In the second week of February we embarked on a mission we called The God Confusion. The main foil for the week was the recent, popular and influential atheistic book by Richard Dawkins entitled The God Delusion. In assessing our mission these are my three concluding observations.
1. It was a bit of a stretch
When we last ran a mission we had a series of three talks on two Sundays and midweek on a Wednesday. That was two years ago. It would be fair to say that the schedule of events this time around was a little more ambitious!! Behind the scenes many people were ‘flat to the boards’ making things happen. Lots of people made the mission a priority and invited their friends. Many others turned up at events to express their support and provide the all important ‘rent a crowd’! And many were occupied with that essential unseen work of asking the Lord to do His work of bringing people to faith in Christ.
2. It was a qualified success
Although we may have stretched ourselves a little more than we have done before, we achieved the following things. The quality of the events was high, the range of events was varied, the number of guests was encouraging, the level of participation was high and the idolatry of unbelief was exposed. The main talks sought to prosecute unbelief. Our intention was to identify, evaluate and critique the case for atheism. The other events sought to engage with culture from a Christian perspective. That’s a legitimate exercise for a church and a relatively new thing for us. It doesn’t mean that we’ve given up preaching the gospel. We do that frequently throughout the year and in Christianity Explored. It means that we took a step back to engage the culture and expose the futility of idolatry. This assessment prompts the question ‘why then consider the mission only to be a qualified success?’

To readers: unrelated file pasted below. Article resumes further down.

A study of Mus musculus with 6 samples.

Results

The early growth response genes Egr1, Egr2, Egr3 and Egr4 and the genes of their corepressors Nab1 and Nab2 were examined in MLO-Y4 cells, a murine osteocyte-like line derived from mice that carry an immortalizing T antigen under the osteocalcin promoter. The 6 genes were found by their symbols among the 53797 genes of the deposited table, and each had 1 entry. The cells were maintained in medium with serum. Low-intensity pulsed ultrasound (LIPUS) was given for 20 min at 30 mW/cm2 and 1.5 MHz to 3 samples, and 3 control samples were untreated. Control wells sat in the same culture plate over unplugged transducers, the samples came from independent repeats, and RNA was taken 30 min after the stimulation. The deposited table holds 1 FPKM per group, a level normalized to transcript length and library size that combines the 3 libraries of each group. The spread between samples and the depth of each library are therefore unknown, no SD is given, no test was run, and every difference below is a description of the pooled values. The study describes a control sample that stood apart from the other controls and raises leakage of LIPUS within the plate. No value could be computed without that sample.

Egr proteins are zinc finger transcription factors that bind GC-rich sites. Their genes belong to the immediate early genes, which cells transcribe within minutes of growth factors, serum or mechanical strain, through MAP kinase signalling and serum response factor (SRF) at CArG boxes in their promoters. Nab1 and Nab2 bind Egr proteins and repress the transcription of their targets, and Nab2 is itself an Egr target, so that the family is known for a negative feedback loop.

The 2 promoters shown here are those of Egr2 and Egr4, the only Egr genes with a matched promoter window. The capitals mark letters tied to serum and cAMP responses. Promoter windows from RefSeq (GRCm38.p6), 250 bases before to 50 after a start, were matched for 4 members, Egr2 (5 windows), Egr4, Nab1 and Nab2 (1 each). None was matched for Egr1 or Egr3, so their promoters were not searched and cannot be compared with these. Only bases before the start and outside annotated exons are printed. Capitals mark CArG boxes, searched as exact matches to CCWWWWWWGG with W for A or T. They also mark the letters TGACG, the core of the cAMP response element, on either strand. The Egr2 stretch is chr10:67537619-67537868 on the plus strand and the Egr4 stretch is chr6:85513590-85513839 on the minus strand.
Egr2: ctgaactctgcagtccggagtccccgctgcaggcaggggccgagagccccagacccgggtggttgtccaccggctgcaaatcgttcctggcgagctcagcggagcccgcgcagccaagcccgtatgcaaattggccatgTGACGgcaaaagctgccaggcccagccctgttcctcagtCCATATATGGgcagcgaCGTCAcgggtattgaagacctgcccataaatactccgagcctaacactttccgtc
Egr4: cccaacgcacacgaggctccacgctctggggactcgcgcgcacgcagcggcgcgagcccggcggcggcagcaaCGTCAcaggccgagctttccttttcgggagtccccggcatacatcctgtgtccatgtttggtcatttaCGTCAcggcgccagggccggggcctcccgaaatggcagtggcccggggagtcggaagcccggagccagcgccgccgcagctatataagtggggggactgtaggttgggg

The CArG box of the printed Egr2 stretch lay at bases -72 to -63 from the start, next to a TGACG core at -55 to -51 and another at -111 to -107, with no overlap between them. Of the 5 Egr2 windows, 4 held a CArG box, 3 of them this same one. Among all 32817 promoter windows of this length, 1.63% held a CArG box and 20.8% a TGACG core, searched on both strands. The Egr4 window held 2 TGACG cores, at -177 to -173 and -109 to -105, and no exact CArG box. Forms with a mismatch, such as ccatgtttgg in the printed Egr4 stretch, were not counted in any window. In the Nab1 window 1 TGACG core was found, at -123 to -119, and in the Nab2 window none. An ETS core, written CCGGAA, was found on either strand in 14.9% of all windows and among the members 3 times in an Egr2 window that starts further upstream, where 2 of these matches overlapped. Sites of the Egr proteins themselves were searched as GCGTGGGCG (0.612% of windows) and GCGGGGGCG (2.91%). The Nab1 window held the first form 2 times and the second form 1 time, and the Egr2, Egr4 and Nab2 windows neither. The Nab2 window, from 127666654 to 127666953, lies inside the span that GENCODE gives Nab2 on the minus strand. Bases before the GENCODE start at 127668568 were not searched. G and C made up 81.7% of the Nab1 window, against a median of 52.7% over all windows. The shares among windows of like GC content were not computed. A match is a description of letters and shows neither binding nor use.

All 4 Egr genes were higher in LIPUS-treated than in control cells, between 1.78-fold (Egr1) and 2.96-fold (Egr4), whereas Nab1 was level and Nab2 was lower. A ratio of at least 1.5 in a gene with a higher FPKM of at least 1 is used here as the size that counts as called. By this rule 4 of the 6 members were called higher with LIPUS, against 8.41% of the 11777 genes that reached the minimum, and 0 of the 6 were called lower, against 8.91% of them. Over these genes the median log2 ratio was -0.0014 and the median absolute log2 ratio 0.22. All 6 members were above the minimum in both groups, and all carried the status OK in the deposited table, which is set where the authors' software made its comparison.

3. It was just a start
This was not the mission we wanted to run. The mission we wanted to run would have been a series of Bible talks where the gospel was clearly expounded and applied to a heaving mass of unbelieving friends. But the culture is not where we’d like it to be; Christianity is regarded as irrelevant. The events we ran provided alternative ways to connect with an otherwise sceptical and dismissive culture. Our church is not where we’d like it to be; when we planned the mission we were aware of our track record. How can I put this? We’ve not set the world alight with our evangelistic prowess! We’re not where we’d like to be; a number of people have realised that we’re disconnected from non-Christian friends. Some have begun to address this in characteristically adventurous ways. Even though this wasn’t the mission we didn’t want to run it was the mission we felt we could run.
But we’re not too disheartened; we’ve remembered that though we’re not where we should be, we’re not where we were. And that’s a good thing. God has enabled us to make significant strides forward since our last mission two years ago. This mission was just the latest in a long line of events that we seek to provide to bring unbelievers under the sound of the gospel. It’s just a start which means that there’s more to come. And we’ll get better. But we’re going in the right direction.